That’s a good question. We all know it’s been a tremedously challenging year on all fronts. Yet, in my prayer time the other morning I realized there are a few unexpected benefits from 2020, so far.
In no particular order, the glaring spotlight has been cast on:
- health care
- the economy
- how lack of quality internet services creates a barrier for home education online or working from home
- personal relationships
- America and her citizens
- personal responsibility for personal decisions
- every elected official from Washington D.C. to the smallest towns.
EDUCATION: Pre-COVID days we woke our kids up, sent them to school, went off to work, and we all returned home later. Whenever later happened to be. Kids had sports, music lessons, play dates, cheering, baton, karate, and dozens of other activities to cram pack their days. Parents worked, juggled housework, childcare, brought work home, had their own extracurricular activities, girls night out, boys night out, golfing, shopping, visiting the inlaws or the parents, and some of us, church. School was someone else’s responsibility.
Then COVID hit like a tidal wave and schools closed. Businessess closed, stores and restaurants closed. Toilet paper flew off the shelves like dry leaves in a tornado. You still can’t get disinfectant spray in many parts of the country. Prices went up. Service went down. Essential employees didn’t like being essential and non-essential staff didn’t know whether to be rejoicing or complaining. Add into the mix that everybody was forced to partake in virtual learning.
No one was prepared. Not the school systems and not the parents. Certainly not the kids. But in the new way of doing things some positive outcomes have come forth.
- People are seeing way more thoroughly exactly what their children are being taught from the earliest of ages and who is doing the teaching.
- Parents are developing a new respect for their kids teachers and other school staff.
- Teachers are seeing a bit deeper into the home life of their students.
- Creativity is higher on the list of how to get the job done while still providing a quality education.
- Maybe for the first time parents are learning that teachers are teaching more than math to their students, they’re teaching personal beliefs regarding politics, religion, parents, and what to think, say and do to be “woke”. Whatever happened to if it doesn’t pertain to the assigned cirrculum then don’t discuss it in the classroom. Wasn’t that a big thing in no longer allowing teachers or schools to pray to God, discuss faith based items with any student, including the ones who ask you outside of class? Chokehold God but not on Marxism?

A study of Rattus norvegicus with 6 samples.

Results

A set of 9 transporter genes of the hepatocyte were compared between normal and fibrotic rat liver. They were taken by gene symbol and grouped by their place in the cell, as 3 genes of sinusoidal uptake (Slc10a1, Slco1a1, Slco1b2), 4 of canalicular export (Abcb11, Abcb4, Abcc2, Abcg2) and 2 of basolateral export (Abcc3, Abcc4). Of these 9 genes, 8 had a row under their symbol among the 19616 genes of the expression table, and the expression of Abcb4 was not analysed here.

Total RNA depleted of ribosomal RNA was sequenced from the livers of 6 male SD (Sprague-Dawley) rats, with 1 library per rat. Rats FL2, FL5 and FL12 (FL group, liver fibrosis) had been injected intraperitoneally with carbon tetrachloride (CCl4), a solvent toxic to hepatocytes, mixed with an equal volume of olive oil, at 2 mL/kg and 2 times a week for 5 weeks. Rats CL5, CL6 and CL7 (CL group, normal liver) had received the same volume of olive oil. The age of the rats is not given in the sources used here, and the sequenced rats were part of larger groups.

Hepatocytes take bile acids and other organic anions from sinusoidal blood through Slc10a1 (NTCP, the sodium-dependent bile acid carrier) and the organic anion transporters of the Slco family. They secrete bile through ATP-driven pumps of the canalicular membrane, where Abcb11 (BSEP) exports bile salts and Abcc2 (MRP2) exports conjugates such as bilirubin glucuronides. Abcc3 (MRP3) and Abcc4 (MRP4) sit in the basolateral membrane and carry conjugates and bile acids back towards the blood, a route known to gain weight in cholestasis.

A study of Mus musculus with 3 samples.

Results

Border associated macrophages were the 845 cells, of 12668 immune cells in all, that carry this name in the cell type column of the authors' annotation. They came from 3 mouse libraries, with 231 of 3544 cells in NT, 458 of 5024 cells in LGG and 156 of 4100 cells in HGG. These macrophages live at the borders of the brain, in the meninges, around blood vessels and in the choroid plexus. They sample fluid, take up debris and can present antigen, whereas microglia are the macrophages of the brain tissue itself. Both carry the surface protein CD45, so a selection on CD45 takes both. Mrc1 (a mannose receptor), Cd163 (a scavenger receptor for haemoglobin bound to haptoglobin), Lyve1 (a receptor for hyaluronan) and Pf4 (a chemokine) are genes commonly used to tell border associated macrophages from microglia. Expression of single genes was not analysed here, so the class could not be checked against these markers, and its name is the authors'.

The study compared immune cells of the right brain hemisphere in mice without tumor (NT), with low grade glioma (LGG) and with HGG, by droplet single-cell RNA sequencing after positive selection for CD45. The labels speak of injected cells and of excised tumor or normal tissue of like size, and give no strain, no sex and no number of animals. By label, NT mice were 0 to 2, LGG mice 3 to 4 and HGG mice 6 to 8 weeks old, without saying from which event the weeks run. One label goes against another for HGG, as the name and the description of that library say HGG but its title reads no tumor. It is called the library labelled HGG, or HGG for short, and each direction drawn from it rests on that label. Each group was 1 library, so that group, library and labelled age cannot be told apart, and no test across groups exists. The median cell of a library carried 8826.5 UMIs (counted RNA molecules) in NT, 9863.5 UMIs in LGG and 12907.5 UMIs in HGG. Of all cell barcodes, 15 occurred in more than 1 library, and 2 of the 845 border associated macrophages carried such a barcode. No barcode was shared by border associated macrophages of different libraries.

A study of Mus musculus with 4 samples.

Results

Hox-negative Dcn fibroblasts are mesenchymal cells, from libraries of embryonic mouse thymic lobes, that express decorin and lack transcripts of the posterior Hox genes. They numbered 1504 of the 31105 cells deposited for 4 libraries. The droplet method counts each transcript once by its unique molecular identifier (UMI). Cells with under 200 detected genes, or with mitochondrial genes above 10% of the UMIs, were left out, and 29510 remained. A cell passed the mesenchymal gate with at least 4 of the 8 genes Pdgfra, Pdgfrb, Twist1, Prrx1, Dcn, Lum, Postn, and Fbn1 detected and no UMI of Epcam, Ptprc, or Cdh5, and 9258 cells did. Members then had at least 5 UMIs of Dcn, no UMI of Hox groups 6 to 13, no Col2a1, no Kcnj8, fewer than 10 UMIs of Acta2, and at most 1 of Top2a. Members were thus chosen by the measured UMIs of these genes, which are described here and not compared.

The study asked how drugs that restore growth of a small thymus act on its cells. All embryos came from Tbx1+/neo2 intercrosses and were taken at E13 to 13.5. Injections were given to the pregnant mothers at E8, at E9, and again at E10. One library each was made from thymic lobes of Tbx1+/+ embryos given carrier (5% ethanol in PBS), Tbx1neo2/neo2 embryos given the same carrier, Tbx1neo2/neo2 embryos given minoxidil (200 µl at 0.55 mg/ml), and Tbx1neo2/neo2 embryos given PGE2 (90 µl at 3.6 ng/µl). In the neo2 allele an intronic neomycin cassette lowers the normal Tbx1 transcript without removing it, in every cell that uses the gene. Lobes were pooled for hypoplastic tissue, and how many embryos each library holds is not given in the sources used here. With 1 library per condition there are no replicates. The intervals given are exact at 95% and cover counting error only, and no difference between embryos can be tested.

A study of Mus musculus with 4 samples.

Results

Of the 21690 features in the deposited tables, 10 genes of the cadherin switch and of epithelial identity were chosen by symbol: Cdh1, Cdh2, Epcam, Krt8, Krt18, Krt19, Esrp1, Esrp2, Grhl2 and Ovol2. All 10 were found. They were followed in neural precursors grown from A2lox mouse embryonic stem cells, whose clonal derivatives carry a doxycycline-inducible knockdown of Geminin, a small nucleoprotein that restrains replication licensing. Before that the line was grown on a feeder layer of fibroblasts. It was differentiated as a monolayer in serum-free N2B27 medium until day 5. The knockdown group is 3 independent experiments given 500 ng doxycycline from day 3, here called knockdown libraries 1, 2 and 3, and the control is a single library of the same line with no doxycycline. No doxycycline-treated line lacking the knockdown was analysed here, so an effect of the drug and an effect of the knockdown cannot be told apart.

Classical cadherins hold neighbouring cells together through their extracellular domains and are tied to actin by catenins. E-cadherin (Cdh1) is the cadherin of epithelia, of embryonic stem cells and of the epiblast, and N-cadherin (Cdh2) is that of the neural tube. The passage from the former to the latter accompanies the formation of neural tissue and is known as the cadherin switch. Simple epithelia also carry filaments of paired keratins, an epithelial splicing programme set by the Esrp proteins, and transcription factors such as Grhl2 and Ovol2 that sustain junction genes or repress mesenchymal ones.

- Many of these same ‘teachers” are asking parents not to watch online lessons and discussions but parents are watching and learning anyway.
- Public education will absolutely never be the same again. Ever.
LACK OF INTERNET ACCESS CREATES UNNECESSARY BARRIERS TO EDUCATION AND EMPLOYMENT:
Here in our rural location we’ve long wrestled with lousy internet service. We pay premium costs for internet so slow that we can’t hold a connection to watch a movie, download software, receive/send timely email, attend a Zoom or other online meeting. Thankfully, our daughter has graduated and we’re not having to deal with the barrier to her getting her education.
This barrier has long been known, just unaddressed by government decision makers. They aren’t having to deal with it so it doesn’t matter to them. Now though, with both education and the economy being handicapped by lousy internet connections, the spotlight is forcing the issue to the forefront. They can send out all the free vouchers they want to cover the cost of internet services for students, it doesn’t resolve the issue of the quality of that service.
That’s two of the catergories where there have been positive outcomes already. Keep reading for future posts that discuss the others.